Design decisions made decades ago at the origin of BART now haunt the system, making it more difficult and more costly to operate, officials with the transit agency say.
Designed at the beginning of the Space Age, the people who built BART wanted an ultramodern transportation system. The first transit system to be built after World War II, the goal was to create a sleek, light and smooth riding system. The hope was to draw people back into public transit – using large, tinted windows, wool seats and carpeting and promising speeds of up to 80 mph.
“It wasn’t too far away from the monorail idea,’’ said Randy Rentschler, spokesman for the Metropolitan Transportation Commission, “where families would go on BART like it was kind of a Disneyland ride -- you would get on it was almost luxurious in its feel.”
Luxury may have been built in, but the idea of routine failure was not, said BART Operations Manager Paul Oversier.
“Because in the aerospace business failure equals catastrophe well in our business failure is a fact of life,” he said.
Oversier, who came to BART after helping to run the New York subway system, said that system has a whole different approach. It was built to handle failure.
“They have express tracks and local tracks they have crossovers almost between every station,” he said. Crossovers are mechanical and electrical switches that allow trains to be routed around problems. BART’s are few and far between, and, according to Oversier: “the ones that we do have are basically in the wrong locations.”
Not having such switches is most problematic in the core part of the system, from West Oakland to Daly City. Here, four lines with trains running every two and half minutes converge to run in one track in each direction. “Basically, if anything happens in that core part of the system,” Oversier said, “the delays to our passengers ad to other trains propagate very quickly and impact many, many trains.”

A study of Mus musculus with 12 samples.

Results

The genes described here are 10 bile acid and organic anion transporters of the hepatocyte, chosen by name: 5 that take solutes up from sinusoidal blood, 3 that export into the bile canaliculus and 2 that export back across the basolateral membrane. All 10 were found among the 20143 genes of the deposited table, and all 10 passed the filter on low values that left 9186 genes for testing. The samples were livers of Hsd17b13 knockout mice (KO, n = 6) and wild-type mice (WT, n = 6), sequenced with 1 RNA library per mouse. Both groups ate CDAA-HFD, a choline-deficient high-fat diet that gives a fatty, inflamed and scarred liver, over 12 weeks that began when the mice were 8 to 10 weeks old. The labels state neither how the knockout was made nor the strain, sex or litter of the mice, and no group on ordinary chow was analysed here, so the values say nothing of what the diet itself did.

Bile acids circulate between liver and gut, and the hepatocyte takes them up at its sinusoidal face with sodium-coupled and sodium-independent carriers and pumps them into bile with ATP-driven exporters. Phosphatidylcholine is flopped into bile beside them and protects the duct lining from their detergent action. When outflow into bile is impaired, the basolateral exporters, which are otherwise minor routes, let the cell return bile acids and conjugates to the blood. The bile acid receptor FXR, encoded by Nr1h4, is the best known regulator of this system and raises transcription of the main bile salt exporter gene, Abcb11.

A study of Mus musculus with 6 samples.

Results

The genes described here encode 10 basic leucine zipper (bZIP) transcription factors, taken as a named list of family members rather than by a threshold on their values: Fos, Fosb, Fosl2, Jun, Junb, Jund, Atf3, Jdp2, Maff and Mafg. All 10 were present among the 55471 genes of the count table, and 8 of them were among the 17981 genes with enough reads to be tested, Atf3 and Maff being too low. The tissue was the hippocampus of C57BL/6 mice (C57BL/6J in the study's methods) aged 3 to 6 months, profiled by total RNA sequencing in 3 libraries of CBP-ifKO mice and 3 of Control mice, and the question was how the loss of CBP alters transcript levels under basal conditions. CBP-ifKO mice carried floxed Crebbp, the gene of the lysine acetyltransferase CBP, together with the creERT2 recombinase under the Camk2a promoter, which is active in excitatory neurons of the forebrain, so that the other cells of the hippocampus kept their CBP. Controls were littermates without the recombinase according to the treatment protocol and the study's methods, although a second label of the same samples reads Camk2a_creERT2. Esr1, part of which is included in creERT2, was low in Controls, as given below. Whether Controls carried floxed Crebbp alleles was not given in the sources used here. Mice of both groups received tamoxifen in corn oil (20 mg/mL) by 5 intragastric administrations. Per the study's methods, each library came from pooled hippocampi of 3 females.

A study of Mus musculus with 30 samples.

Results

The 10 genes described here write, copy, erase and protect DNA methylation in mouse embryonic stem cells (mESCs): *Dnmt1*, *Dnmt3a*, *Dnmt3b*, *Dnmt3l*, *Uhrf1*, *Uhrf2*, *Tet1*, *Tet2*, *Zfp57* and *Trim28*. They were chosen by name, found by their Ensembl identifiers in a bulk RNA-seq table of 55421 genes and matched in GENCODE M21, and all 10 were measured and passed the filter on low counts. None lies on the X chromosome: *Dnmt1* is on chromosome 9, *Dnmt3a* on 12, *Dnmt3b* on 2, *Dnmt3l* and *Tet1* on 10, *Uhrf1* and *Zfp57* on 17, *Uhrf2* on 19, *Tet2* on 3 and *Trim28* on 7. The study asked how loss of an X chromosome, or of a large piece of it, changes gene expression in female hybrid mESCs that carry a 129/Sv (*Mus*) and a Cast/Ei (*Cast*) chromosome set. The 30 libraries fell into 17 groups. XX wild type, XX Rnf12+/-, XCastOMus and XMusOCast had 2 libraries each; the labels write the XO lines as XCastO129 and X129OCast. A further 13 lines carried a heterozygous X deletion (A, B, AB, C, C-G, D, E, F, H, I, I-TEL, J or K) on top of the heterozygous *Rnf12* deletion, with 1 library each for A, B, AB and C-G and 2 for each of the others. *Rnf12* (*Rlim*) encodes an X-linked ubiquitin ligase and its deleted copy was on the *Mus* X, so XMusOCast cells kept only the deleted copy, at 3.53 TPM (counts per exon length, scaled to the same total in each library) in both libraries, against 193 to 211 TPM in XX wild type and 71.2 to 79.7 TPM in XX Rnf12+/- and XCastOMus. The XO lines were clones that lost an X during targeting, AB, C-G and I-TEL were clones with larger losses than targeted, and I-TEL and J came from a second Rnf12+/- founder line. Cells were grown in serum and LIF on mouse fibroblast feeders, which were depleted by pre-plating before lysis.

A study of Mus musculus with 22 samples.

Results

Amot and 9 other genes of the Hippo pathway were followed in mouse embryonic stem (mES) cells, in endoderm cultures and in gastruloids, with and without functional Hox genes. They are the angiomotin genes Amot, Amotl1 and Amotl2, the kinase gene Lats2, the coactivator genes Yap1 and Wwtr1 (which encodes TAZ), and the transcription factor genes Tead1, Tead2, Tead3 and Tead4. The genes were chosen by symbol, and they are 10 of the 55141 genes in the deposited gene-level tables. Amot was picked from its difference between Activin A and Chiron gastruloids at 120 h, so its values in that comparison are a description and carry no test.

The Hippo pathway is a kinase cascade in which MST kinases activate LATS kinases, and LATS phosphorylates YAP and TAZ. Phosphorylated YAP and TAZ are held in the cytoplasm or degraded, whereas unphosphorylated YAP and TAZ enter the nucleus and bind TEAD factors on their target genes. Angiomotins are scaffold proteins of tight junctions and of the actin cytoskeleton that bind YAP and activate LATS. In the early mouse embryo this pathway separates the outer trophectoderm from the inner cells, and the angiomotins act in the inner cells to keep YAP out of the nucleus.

The bottleneck was something the designers did not anticipate, one of many design limitations that now hamstring operators.
“A lot of decisions made 50 years ago about this system really limit what we can do today,” said Tom Radulovich, a 19-year member of the BART governing board. The use of ultra- lightweight aluminum cars gliding along on extra-wide gauge tracks at up to 80 mph, he said, had unforeseen consequences.
“We couldn’t order off-the-shelf rail cars – they had to be custom designed, we had to have them custom made,” he said, referring to the latest order of new train cars expected to come on line as soon as next year. He said the new cars cost nearly double the price of more conventional rail cars, which are made of stainless steel and can be mass produced.
Radulovich says nearly all of BART is one of a kind.
“Because of BART’s uniqueness technologically, it is a bit of a crafts project,” Radulovich added. Cheaper stainless cars are simply too heavy for the structures built to support BART’s elevated tracks. The wheels on cars have to be custom made, which involves using heat to press steel rims around aluminum hubs.
BART is also constrained based on the dimensions of the Transbay Tube – it cannot use roof mounted air conditioning units, Radulovich says. Instead, the air conditioners must be mounted underneath cars, a maintenance headache that means cars have to be out service for a full day to replace them.
New York, by comparison, can change a roof mounted unit in a matter of minutes.
BART’s 1,000 volt electrical system is unique. So is its station design and even its ticketing system. Having such custom features, according to Radulovich, means that projects are not only more expensive, but take longer. Added to that, he said, “there’s a chance it won’t work – or at least won’t work the first time.”
Larry Dahms, who managed BART in its early days and later served as executive director of the Metropolitan Transportation Commission, says the system’s design legacy poses “significant challenges – I won’t argue that.”
But, he said, “the people who designed BART and sold BART did an incredible job for the community.”